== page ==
Writer/director Jack Dignan had just finished a COVID-impacted shoot on his microbudget horror After She Died last year when he received an unexpected email.
Having already been turned down for financial backing both domestically and internationally, the then 21-year-old was still unsure if his project would be able to find an audience.
It was therefore somewhat of a surprise when Ohio-based independent studio Good Deed Entertainment reached out to say they were interested in releasing the film in the US.
“We’re in post-production and then we got an email from the folks that Good Deed wanting to hear about the movie they saw on IMDB,” he said.
“They were quite interested in the plot synopsis that I had up there, so I sent them a cut of the film as a work in progress, but at the time, we hadn’t finished it yet.
“They loved it and we ended up staying in contact as we finished it up and sold it before it was even 100 per cent done.”
Filmed across 18 days in Sydney, After She Died follows Jen (Liliana Ritchie), a young woman with a dead mother and a fractured relationship with her father John (Paul Talbot).
Her friends, all recent high school graduates, are moving on with their lives and leaving behind the small town they once called home. Jen is, in every sense of the word, alone. That is until John introduces Jen to his new girlfriend, Florence (Vanessa Madrid), a woman who looks and sounds identical to Jen’s dead mother.
Dignan co-produced the project with Rhys William Nicolson (Wyrmwood: Apocalypse), who also served as the cinematographer in a creative team that included editor Alex Guterres and composer Andrew Back.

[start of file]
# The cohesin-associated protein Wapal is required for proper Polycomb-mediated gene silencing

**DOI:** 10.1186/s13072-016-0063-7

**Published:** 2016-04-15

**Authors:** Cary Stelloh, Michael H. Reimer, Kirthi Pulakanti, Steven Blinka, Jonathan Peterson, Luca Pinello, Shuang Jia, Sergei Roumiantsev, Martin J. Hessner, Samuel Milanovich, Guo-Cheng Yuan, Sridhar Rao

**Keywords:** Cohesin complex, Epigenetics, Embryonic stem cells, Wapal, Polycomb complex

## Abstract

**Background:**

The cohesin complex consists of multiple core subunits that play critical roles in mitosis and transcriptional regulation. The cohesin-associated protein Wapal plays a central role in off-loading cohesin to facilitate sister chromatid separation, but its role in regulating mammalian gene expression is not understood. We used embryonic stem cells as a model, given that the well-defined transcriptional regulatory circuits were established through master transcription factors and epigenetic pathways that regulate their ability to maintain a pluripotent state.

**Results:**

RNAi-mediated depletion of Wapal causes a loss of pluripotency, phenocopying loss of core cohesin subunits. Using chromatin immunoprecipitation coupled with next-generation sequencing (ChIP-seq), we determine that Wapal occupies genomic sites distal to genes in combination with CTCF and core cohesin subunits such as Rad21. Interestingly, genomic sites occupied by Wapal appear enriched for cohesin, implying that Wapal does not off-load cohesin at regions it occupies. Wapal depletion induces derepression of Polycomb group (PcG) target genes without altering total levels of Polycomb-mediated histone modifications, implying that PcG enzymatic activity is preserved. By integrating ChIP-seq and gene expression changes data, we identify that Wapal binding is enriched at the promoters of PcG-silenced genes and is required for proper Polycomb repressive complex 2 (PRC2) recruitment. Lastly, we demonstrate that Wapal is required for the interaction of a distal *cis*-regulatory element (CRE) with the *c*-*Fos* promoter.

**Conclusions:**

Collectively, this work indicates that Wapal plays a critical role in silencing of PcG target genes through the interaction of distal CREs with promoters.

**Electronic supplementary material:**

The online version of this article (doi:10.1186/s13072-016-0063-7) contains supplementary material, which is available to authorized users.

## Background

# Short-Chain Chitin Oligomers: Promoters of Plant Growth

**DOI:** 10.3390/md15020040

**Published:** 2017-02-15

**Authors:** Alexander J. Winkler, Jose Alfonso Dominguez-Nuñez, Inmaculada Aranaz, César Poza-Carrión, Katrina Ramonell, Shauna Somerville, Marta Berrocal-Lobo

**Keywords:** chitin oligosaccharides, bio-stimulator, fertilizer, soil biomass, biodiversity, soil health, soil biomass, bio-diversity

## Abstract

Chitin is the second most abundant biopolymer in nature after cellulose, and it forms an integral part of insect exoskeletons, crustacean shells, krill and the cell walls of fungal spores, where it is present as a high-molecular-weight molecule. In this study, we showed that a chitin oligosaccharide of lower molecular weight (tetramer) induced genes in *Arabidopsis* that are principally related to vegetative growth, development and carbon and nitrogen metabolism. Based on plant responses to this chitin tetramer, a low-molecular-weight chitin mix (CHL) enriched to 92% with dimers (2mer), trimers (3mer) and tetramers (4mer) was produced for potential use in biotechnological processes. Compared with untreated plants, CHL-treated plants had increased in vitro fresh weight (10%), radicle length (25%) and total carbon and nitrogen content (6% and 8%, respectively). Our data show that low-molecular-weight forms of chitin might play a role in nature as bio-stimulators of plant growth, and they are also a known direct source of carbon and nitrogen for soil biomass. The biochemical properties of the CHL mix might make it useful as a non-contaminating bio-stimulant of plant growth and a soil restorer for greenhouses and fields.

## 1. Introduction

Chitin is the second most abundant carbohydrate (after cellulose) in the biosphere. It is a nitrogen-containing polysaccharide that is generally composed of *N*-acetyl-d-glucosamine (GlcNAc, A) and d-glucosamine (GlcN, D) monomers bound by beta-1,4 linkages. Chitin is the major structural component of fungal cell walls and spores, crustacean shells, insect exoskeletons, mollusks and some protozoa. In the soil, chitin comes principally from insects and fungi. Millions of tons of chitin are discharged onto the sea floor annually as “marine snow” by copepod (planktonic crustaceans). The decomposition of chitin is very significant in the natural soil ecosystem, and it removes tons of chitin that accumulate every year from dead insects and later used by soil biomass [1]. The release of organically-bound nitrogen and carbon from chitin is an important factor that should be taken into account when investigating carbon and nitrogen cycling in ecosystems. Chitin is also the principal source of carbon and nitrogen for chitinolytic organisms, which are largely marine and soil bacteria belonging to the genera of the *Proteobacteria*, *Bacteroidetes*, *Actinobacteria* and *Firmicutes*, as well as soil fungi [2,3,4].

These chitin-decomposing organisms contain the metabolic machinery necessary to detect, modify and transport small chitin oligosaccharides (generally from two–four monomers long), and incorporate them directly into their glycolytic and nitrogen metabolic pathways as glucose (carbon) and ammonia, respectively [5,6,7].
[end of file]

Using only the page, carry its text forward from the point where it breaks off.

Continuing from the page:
Working on a budget of about $100,000, Dignan said he “called in every favour” he could to get the project made.
“It was an interesting process,” he said.
“I have a small team of people that I’ve worked with for many years from when I was working in a cinema with them and we would always make short films and stuff on the weekends.
“They were my core creative team that when we couldn’t get proper funding for it and in 2020 during the pandemic, they said, ‘What if we just start prepping for it and make a start with whatever we have in our pockets?’, which we did.
“We started a lot of pre-production and then from there I just gathered together as many funds as I could from people in the form of IOUs and money.”
Aside from the US release of the film on September 30, Dignan is also planning a series of event screenings in various locations, including Sydney.
The filmmaker remains hopeful of securing an Australian distributor, although he did note a different appetite for horror here.
“The interesting thing that I’ve found, at least in my experiences so far, is that the Australian market is a little bit hesitant towards horror,” he said.
“It’s not quite as big of a hit, which is a shame because we do make a lot of really awesome horror movies like The Babadook and Wolf Creek, which go gangbusters overseas.
“But the US market is very interested in Australian horror movies and very interested in our film, which is why we sold it there first.
“We’re still in talks at the moment to try and lock in [an Australian distributor] but it was interesting to see how much more excited the US seemed to be at the prospect of an indie horror movie compared to Australia.”